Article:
CHANCES ARE, YOUR EMPLOYEES ARE DISSATISFIED

CHANCES ARE, YOUR EMPLOYEES ARE DISSATISFIED

FOUR out of five Australians feel unfulfilled in their workplace, according to new research by the Australian Institute of Management (AIM).

The 2016 National Salary Survey shows the majority of Australians are unhappy in their roles with more than 81.9 per cent of people choosing to leave to look for new challenges.

More than half of those who partook in the survey cited limited career advancement opportunities and 44.4 per cent were looking for better financial reward.

The survey also found 66.8 per cent of Australian employees left a current job to start a similar role at another organisation.

Meanwhile, the survey shows the Australian living standard is now under more pressure than ever before with wage growth falling in line with the rate of inflation, a statistic rarely seen in Australia over the past three decades.

The 2016 survey found the overall salary movement is currently sitting at +3.0 per cent, which is a decrease from the +3.4 per cent reported in 2015 and the lowest reported percentage since 2012, dropping 1.1 per cent overall in four years.

This downward trend is forecast to continue in 2017, especially in Queensland and Western Australia, both of which have been affected by the mining downturn.

Businesses are worried workplace culture is to blame for this shift, with 63.7 per cent seeing this as the human resource issue they are most concerned about.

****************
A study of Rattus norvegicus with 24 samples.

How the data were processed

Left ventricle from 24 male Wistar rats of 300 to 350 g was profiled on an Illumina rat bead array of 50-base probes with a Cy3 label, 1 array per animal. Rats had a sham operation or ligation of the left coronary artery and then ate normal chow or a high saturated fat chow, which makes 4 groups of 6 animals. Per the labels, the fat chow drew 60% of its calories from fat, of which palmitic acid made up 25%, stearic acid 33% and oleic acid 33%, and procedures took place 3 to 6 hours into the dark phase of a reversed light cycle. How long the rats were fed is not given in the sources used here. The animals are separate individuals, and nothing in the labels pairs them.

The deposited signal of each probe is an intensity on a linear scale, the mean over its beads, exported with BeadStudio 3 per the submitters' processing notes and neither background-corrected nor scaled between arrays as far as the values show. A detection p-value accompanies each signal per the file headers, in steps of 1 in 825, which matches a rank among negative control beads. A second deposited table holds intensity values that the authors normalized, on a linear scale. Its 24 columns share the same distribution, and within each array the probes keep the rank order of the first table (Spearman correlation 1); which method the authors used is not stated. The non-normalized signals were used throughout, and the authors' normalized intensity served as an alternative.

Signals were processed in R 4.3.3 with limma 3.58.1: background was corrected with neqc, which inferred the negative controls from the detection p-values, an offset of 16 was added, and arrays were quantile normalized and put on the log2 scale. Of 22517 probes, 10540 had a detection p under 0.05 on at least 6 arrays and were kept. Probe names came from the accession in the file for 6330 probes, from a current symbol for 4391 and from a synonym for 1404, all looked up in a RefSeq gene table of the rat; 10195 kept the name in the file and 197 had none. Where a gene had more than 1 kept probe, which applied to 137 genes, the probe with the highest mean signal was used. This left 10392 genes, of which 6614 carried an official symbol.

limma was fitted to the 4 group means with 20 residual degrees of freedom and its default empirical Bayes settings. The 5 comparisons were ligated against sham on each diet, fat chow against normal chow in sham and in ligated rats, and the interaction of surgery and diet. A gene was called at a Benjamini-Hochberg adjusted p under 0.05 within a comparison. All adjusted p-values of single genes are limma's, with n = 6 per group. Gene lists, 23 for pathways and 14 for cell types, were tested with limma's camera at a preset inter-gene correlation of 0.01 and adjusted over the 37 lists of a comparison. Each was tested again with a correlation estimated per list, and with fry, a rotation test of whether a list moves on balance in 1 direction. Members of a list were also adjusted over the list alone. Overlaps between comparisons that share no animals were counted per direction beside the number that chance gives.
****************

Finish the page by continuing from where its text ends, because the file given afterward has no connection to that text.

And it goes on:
David Pich, AIM CEO, notes the cost of staff recruitment is a threat to business operational costs, with the study putting the cost of replacing staff at $26,410, which equates to almost half the average salary in Australia.

"Retaining staff is no easy feat," says Pich.

"Employees can become restless in roles that have limited career advancements or where they don't enjoy their time at work.

"Combine that with a volatile property and rental market and the pressure to contribute more to their superannuation fund, it's no wonder staff are becoming disillusioned and feel the need to move jobs as a perceived guarantee to a salary increase.

"People are investing less into their future, because they need to spend more now."

Pich encourages business leaders to reassess their current pay model and suggests creating a positive and inspiring workplace culture to decrease staff turnover and retain human resource.

"People don't leave companies; they leave leaders," says Pich.

"Great managers and leaders make decisions that impact people's lives and that impact can be felt well beyond the workplace.

"We spend about a third of our working-age lives doing just that working.  So it is vital our experiences in the workplace are positive as they impact on our overall well-being and on society as a whole."

The AIM National Salary Survey, now in its 52nd year, is based on the responses of more than 500 organisations across Australia, covering more than 25,000 employees and 270 job roles.